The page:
Nothing makes you consider what a faithful life looks like than that moment when you’re knee deep in the clinging mud of a freezing stream, trying to pull a floundering ewe to safety.
In short, the biblical imagery of believers as sheep? Accurate.
But maybe not in the way you think.
I didn’t have much time. The last golden rays of winter light were about to dim, and not only was the ewe stuck in the freezing waters, she was tangled in the strands of an electric fence.
She hadn’t been there long — but she needed to get out, before she succumbed to the combination of shock from the electric current and the freezing water.
I waded in. My insulated overalls and boots cut the chill of the day, but the cold mud immediately coated everything. The ewe was silent and immobile, her pupils dilated. I spoke quietly, trying to calm her.
Pressing my boot into the fence, I used my heavy gloves to pull her legs out of the tangled strands. I kept up a soft cadence to soothe her. Even with her legs free though, she lay in the water, her sides heaving.
I got a firm grip on her front legs and began pulling her out of the water. She was a dead weight, her wool coated with the sticky, cold mud. Slipping and sliding up the bank, I hauled her out.
She showed no signs of moving, except for her heavy breathing. We stayed there, the silence complete.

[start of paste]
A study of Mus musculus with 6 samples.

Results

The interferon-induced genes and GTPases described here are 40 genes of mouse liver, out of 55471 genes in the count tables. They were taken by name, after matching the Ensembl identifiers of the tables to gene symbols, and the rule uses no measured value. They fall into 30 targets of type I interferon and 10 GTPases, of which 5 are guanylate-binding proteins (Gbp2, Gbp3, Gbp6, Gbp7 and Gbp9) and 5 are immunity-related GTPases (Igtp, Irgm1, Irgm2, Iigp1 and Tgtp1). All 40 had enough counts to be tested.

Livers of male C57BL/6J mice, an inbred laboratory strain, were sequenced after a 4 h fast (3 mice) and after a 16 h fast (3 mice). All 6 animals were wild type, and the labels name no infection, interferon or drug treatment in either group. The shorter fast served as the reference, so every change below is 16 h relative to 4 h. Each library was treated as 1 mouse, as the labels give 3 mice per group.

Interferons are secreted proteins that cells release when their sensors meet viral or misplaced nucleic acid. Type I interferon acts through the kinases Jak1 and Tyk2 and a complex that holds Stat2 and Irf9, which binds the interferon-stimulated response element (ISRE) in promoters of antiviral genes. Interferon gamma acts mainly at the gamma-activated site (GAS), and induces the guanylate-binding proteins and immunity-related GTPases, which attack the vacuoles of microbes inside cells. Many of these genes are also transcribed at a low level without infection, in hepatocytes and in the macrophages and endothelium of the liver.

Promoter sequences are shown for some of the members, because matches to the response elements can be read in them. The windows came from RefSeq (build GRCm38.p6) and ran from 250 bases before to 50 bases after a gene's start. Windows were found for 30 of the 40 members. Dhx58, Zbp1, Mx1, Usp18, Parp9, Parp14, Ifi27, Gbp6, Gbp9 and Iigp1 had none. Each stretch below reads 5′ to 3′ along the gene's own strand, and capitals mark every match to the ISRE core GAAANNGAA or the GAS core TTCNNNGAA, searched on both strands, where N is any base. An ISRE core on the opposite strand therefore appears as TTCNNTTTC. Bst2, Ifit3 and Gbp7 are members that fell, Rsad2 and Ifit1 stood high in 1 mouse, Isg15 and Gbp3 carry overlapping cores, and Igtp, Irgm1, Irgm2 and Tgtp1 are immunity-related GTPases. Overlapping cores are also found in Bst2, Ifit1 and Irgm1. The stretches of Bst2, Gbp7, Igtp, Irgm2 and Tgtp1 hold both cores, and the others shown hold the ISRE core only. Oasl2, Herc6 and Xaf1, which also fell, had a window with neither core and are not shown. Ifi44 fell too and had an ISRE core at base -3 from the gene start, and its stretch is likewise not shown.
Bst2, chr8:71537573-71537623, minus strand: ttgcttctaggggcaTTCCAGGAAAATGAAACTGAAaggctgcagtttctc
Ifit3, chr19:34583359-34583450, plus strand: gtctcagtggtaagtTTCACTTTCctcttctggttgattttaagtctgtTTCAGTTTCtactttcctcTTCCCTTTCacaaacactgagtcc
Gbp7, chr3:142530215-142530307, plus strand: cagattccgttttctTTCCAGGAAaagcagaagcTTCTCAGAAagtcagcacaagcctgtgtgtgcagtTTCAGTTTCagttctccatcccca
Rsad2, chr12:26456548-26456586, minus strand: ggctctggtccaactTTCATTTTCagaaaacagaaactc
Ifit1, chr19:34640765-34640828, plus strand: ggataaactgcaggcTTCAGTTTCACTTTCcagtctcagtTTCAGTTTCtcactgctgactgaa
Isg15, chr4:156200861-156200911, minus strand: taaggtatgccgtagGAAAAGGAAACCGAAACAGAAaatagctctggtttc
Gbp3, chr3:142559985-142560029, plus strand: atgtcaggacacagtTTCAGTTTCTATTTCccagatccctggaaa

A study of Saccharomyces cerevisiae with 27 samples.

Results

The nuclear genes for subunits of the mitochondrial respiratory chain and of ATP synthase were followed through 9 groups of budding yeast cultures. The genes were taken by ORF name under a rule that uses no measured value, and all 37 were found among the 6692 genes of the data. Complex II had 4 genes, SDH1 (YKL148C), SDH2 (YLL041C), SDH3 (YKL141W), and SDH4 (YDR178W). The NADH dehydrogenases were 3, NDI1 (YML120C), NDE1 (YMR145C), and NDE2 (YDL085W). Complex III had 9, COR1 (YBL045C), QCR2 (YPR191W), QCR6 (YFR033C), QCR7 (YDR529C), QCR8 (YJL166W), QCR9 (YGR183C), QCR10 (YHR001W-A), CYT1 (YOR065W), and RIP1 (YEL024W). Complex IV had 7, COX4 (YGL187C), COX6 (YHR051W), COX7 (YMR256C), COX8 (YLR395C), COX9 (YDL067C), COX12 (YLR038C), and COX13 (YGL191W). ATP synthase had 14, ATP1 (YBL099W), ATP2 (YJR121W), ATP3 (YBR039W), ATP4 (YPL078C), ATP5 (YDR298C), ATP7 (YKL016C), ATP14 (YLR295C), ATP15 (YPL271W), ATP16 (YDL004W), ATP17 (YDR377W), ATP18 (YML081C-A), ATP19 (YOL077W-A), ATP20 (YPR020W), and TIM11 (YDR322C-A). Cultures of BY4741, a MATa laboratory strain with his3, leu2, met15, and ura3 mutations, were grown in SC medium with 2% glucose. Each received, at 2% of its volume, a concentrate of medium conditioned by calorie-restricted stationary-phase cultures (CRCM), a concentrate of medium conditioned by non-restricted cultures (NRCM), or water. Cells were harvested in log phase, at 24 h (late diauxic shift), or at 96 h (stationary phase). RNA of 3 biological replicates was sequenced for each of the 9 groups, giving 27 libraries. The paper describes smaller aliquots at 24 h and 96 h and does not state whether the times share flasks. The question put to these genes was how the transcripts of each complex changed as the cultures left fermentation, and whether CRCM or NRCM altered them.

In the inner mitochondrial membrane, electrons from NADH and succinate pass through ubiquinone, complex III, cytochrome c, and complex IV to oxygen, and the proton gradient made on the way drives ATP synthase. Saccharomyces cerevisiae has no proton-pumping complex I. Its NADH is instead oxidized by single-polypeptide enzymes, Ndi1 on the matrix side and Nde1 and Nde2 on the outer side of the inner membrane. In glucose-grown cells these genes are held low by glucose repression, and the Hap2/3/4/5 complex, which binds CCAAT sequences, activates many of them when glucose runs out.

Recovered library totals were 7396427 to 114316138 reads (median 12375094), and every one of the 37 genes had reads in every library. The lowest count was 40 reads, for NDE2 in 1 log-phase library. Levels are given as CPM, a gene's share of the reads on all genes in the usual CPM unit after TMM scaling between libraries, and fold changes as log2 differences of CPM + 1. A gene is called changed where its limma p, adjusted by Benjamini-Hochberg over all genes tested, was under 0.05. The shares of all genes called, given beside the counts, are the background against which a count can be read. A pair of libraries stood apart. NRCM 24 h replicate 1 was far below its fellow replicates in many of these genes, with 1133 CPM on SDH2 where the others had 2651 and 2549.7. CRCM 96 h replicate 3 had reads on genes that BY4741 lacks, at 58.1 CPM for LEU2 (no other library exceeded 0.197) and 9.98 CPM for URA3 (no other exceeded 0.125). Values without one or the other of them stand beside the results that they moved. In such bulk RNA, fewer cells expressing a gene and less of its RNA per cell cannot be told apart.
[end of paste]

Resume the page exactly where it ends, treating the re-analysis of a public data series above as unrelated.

But after several minutes, the ewe began struggling, staggering and wobbling her way to a stand. I lurched upright, mindful of the slick creek bank. Before I could get my balance though, she was doggedly weaving away, her mud-soaked wool dripping.
I’d like to say I followed calmly, completely zen that this animal I just rescued was walking away without a thought for what I’d done for it. Right. I was extremely … frustrated.
It has been months since that moment. I’ve moved halfway across the world. There are plenty of sheep, but not one frozen stream to be found.
Yet, it stays with me.
There was no way she would be able to get out under her own power. She needed me. The moment she could break free though, she left, without a thought for what I had done for her.
I know. I know. I can hear you now — “Rebecca, it’s an animal. They are not capable of rational thought.”
Why has scene come back to so often? Because I’ve been that sheep, more often than I’d like to admit, especially in the past six months. One moment, resting in the strength of the one who is stronger than anything in this world. The next, wandering on my own, completely unmoved by his provision.
Then I catch myself — and ask why? Why am I so predictable? Why do I seem to prefer the roller coaster approach? Faithful. Not faithful. Faithful. Not faithful. Rinse and repeat.
It amazes me that God still hangs with us. That he pursues us, relentlessly. The Bible is full of stories of people who wander, and of a God who goes after them. Every time.
That is the beauty of it. We may forget — for a moment or longer — but he never does. I can’t say it makes sense. But I’m glad.
Because the next time I’m wallowing in the slippery mud and freezing water, he’ll be there. Insulated overalls and boots at the ready.